A little girl's dream helps Natives
CANASTOTA, N.Y. - Imagine having symptoms, but not knowing the real problem. Imagine going misdiagnosed time and time again, and having to face a disease in an advanced stage. Native Youth Alliance's Heritage of Healing Project hopes to prevent this from happening again.
It all started with Alethea Mae, Little Miss NYA and daughter of NYA Project Coordinator Shoshana Beth Phillips.
''She started Jingle Dress dancing really young, because she had a really good understanding of Jingle Dress and she understood that it was a time to pray for people and she wanted to do that.
''And she had a dream. A vision came to her one night. She talked to us about having a place for the people to come together in a big prayer ceremony for all those who were ill, all those who were ailing, all those who were in a bad way. And so, in trying to support her in these traditional ways and get an understanding, we take these things and we try to act on them. We try to make them a reality.''
NYA had a few false starts along the way. After Phillips was diagnosed with multiple myeloma, a cancer of the plasma cells in bone marrow, and a national report was issued stating that cancer deaths were down in all segments of the population except among American Indians (which went up), the focus of Heritage of Healing shifted to cancer.
NYA attempted to start again.
''But it got a little out of sorts and it got a little out of order,'' Phillips said. ''One of the focuses of the project being cancer education and awareness is to try to go places where people are and get out information. We started doing that before we could put down the spiritual foundation - before we actually had a ceremony to give it spiritual foundation. And so that was kind of a second false start.
''We went to Washington, D.C., because we want it to be kind of a national project. We want to develop a national model. We went to Arlington [National] Cemetery. There's a tree there - a cottonwood tree - that was planted some years ago by the American Indian Society. We had a Pipe ceremony there and said our prayers and laid the foundation that way - laid the spiritual foundation that way.''
Since January, Heritage of Healing has traveled to half a dozen places, setting up a booth to get information to people. They provide brochures and handouts, and Phillips is in the process of doing her own research to educate herself in being able to be more helpful.
''I've kind of been draft-tagged as the cancer expert for Native Youth Alliance. ... Sometimes, I kind of see myself as somebody's first contact, so I want to be able to provide as good of information as possible.
''One thing we try to tell people is that they can live healthy lifestyles in order to help prevent developmental cancers. But then because Native people have been at greater risk in the last 50 or 60 years from radiation and from other environmental causes of cancers, we're trying to let people know, 'These are early warning signs to watch for. These are things you need to ask to be tested for.'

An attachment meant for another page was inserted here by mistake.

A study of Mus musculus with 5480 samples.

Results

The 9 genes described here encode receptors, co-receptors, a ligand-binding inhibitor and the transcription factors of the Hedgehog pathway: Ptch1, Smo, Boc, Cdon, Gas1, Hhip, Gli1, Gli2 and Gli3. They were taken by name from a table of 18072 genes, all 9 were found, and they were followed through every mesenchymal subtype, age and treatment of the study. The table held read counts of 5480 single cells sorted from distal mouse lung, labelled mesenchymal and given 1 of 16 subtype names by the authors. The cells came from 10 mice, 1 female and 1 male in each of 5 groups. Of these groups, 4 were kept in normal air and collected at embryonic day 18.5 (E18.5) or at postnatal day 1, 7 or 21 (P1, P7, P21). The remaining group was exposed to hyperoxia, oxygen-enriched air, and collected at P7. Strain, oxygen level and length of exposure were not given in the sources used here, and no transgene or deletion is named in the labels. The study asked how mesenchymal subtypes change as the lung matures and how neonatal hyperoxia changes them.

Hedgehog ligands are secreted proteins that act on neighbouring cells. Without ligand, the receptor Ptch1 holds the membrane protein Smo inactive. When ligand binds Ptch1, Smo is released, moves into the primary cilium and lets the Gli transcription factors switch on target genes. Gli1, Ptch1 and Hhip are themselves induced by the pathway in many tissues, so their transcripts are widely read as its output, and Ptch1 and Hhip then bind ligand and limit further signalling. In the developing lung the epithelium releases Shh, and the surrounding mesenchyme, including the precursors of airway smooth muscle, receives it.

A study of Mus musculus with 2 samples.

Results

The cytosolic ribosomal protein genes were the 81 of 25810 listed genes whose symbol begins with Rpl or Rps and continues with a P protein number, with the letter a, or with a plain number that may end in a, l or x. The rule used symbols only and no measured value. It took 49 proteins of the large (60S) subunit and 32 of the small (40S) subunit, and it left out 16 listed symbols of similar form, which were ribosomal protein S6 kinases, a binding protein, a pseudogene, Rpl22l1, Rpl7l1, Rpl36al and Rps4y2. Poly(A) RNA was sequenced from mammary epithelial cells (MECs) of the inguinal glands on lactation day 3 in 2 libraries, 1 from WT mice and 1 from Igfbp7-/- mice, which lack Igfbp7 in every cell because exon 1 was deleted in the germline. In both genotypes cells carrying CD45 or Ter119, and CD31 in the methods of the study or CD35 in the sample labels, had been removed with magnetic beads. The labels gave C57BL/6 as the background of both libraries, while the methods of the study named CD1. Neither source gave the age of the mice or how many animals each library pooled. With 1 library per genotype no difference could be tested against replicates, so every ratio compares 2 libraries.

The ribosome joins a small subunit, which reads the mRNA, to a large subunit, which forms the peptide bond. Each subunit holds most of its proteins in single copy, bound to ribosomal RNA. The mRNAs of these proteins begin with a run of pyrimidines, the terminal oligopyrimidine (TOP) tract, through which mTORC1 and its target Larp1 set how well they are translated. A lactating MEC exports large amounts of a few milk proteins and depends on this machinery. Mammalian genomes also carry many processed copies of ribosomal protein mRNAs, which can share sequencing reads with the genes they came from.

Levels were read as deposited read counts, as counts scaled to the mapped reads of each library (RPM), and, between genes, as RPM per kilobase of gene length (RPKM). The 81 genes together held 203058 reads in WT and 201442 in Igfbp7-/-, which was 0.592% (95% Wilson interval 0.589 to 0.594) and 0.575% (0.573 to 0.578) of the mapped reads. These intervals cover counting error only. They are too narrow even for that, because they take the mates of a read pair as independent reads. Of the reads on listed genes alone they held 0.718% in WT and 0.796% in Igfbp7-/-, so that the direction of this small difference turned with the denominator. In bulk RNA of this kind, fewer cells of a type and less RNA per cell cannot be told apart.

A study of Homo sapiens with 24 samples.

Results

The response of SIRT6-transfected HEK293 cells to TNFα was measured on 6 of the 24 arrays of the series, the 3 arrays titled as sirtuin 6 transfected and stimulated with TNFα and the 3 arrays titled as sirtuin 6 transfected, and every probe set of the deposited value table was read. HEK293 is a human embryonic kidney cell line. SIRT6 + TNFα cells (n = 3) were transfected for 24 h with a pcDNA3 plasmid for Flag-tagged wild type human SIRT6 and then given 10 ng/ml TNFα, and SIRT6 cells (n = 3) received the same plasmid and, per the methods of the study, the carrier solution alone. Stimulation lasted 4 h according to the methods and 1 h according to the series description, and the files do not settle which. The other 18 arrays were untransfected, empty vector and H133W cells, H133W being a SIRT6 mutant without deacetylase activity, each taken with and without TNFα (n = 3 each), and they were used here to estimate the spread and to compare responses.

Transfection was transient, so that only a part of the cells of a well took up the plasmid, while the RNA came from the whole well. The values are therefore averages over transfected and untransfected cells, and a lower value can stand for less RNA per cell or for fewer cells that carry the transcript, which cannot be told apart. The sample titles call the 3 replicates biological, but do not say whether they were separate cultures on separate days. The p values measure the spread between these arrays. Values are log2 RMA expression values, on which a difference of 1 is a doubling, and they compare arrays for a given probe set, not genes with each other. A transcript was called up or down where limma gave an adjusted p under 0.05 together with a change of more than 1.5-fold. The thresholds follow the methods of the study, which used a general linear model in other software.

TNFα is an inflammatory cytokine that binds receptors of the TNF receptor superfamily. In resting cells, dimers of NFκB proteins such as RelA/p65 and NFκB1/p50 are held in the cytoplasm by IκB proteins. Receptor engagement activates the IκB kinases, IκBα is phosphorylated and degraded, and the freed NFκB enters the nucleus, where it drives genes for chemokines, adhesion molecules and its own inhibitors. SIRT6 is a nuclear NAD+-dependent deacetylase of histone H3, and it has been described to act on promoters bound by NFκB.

''I knew I was having symptoms of things, but I had no idea what it was a symptom of. I didn't know to ask to be tested, so I then allowed myself to be misdiagnosed, and undiagnosed for five years. ... Because it went undiagnosed for so long, it's so much more difficult to treat, and so much more difficult to fight. ... What we hope is that we can help other people be diagnosed in a more timely manner so that maybe other people will have better luck and have more time.''
Heritage of Healing is seeking assistance of any kind, specifically financial. Due to Phillips' illness, NYA missed filing paperwork and lost its 501(c)3 status. While she's in the process of re-filing, any contributions would be heartily accepted to ensure future plans.
''We hope to be able to expand to more services for families going through cancers, like support services. One of the big needs is places for people to stay while they're going through treatment. Because a lot of times people have to go to a big hospital in a big city ... It's one of those things we'd like to be able to provide people, a network of homes,'' Phillips said.
Heritage of Healing also needs help starting a Web site to be able to reach a wider audience. People who can help with grant writing and volunteer where needed are also a plus.
NYA will hold the Presidential Inaugural Pow Wow in the Washington, D.C., area Jan. 19, 2009, the night before the new president is inaugurated.
''We're going to have a special Heritage of Healing dance there,'' she added. ''And we're putting out an invitation to all people who are interested in participating and a special invitation to all Jingle Dress dancers because we're going to have a Jingle Dance there.''
With all of the planning that's gone into Heritage of Healing thus far, it all goes back to foundation.
''Everything's got to have a solid foundation before you can build on it. ... That's always been our philosophy.''
For more information, call (734) 323-0762 or e-mail firstname.lastname@example.org.